New children’s librarian finds niche in Lower Mills

By 
Jackie Gentile, Special to the Reporter
Jan. 19, 2012

Angela Bonds has begun her duties as the new childrens’ librarian at the Lower Mills BPL branch. Photo by Jackie Gentile

There’s a new face at the Lower Mills Library. Angela Bonds is finding her stride as the branch’s children’s librarian. A Roxbury native, she worked at the Central Library in Copley Square for 13 years.

As a student at Boston Latin Academy, Bonds worked with friends after school, often racing each other to shelve a cartful of books. She also worked at the circulation desk, which became a favorite task for the shy teenager.

“I had the best experience and I know a lot of people don’t love working in circulation but I had so much fun,” said Bonds.

“I liked talking to a lot of people. I felt like it was really fun just to talk to them for just a second and find out if they’re visiting [and ask] where are they from and say, ‘This is a good book. What about this one?’”

Bonds earned a bachelor’s degree in history at Framingham State University and a master’s degree in Library and Information Science at Simmons College, taking classes part-time and working full-time.

Though Bonds “wasn’t the biggest fan” of her high school librarian, she had positive influences from the BPL. Alice Stern, who worked in the young adult section; Kendall Flowers, about whom Bonds said, “My 17-year-old self loved her”; and Allison Deseife, who was the children’s librarian at the time. All had a hand in guiding Bonds to her profession.

“When I saw how it is in the public library, it felt more open, it felt more welcoming, I was like ‘oh, this is cool,’” she said. “Maybe I do want to be a librarian. I like being here. That helped a lot.”

As the children’s librarian, one of Bonds’ responsibilities is preschool and toddler story time on Tuesday and Wednesday mornings, respectively. Though the activity is currently called circle time, she is figuring out how to “brand” it, given its diverse lineup: three stories, a few songs depending on the children’s attention span, and finally, crafts that relate to the stories’ theme that day.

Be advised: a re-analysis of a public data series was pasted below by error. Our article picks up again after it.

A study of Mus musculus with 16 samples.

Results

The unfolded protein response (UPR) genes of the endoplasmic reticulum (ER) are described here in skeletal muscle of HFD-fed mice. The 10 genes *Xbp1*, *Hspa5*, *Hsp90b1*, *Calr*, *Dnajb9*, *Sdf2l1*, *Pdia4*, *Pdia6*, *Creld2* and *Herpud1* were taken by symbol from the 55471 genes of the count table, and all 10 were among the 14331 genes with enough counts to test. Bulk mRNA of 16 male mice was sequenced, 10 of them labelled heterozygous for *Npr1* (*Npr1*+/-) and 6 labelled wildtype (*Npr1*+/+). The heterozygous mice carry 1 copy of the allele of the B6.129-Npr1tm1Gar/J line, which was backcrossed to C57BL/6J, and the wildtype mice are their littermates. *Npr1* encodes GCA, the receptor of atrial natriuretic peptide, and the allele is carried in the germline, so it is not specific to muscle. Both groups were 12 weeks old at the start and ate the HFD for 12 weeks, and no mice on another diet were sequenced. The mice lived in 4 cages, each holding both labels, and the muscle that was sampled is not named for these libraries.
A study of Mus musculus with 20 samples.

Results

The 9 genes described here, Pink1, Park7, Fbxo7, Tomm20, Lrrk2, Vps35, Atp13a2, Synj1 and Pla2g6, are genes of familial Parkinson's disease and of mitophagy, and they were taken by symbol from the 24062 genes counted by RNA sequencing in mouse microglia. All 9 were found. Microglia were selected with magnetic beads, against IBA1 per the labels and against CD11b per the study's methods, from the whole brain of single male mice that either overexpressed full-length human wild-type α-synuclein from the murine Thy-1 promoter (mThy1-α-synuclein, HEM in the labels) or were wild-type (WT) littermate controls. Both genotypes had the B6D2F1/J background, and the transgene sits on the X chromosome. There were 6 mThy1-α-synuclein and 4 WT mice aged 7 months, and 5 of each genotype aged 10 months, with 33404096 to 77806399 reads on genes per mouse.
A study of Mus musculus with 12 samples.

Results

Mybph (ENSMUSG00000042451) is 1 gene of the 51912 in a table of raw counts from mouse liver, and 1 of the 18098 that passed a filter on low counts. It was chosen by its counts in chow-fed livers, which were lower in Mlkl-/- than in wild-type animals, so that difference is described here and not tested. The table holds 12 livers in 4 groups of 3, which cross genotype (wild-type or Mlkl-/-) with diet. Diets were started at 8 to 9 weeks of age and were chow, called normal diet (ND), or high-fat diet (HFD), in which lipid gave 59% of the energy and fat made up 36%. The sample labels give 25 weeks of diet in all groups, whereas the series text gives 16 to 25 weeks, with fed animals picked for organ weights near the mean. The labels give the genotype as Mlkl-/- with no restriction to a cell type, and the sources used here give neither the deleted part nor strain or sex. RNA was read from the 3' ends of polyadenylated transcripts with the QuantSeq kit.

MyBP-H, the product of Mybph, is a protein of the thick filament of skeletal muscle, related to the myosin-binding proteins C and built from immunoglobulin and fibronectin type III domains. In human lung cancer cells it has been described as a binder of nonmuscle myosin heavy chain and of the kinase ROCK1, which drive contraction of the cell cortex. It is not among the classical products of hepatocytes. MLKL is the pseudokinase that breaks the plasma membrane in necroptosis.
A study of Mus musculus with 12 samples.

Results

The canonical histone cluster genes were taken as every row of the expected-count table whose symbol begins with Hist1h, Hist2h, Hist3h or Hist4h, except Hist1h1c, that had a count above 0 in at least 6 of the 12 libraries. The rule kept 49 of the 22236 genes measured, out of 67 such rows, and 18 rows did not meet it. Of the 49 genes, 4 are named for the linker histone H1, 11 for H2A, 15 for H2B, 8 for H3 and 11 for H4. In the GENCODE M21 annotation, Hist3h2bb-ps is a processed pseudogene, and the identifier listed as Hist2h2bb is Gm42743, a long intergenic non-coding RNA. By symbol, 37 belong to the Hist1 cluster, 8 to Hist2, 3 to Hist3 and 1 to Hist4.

Students from surrounding schools visit for homework help in the afternoons. Bonds helps students with computer work and finding books.

Previously, Bonds had worked at the Norman B. Leventhal Map Center, which is housed in the Central Library. In her three years there, she worked with rare maps, helped researchers find maps they were looking for and conducted remote research, finding maps for those out of state.

“It’s interesting to go from being public service to being some researcher,” she noted. “It’s so weird. It’s so much quieter. Now here, it’s like so much stuff [is] happening. You can’t sit down.”

Though she is only three months into her new position, Bonds has big plans for the Lower Mills branch including improving circulation, signing more kids up for library cards, creating programs for teenagers and hosting a summer event for library visitors.

One age group in whom Bonds wants to spur interest in the library is teenagers, especially 16- to 18-year-olds.

“I can design programs for them but since I’m still getting to know them, I feel like it’s a slow process,” she said. “I’m hoping that I can bring something new to the library – maybe something bigger.”

With her warm, inviting and eager disposition and sense of humor, Bonds seems the right fit for the job, comparing her job to her family.

“Crazy things happen. You might not agree with everything but it’s your home, it’s your family,” she said. “I love everything about working in the library and working in the BPL specifically.”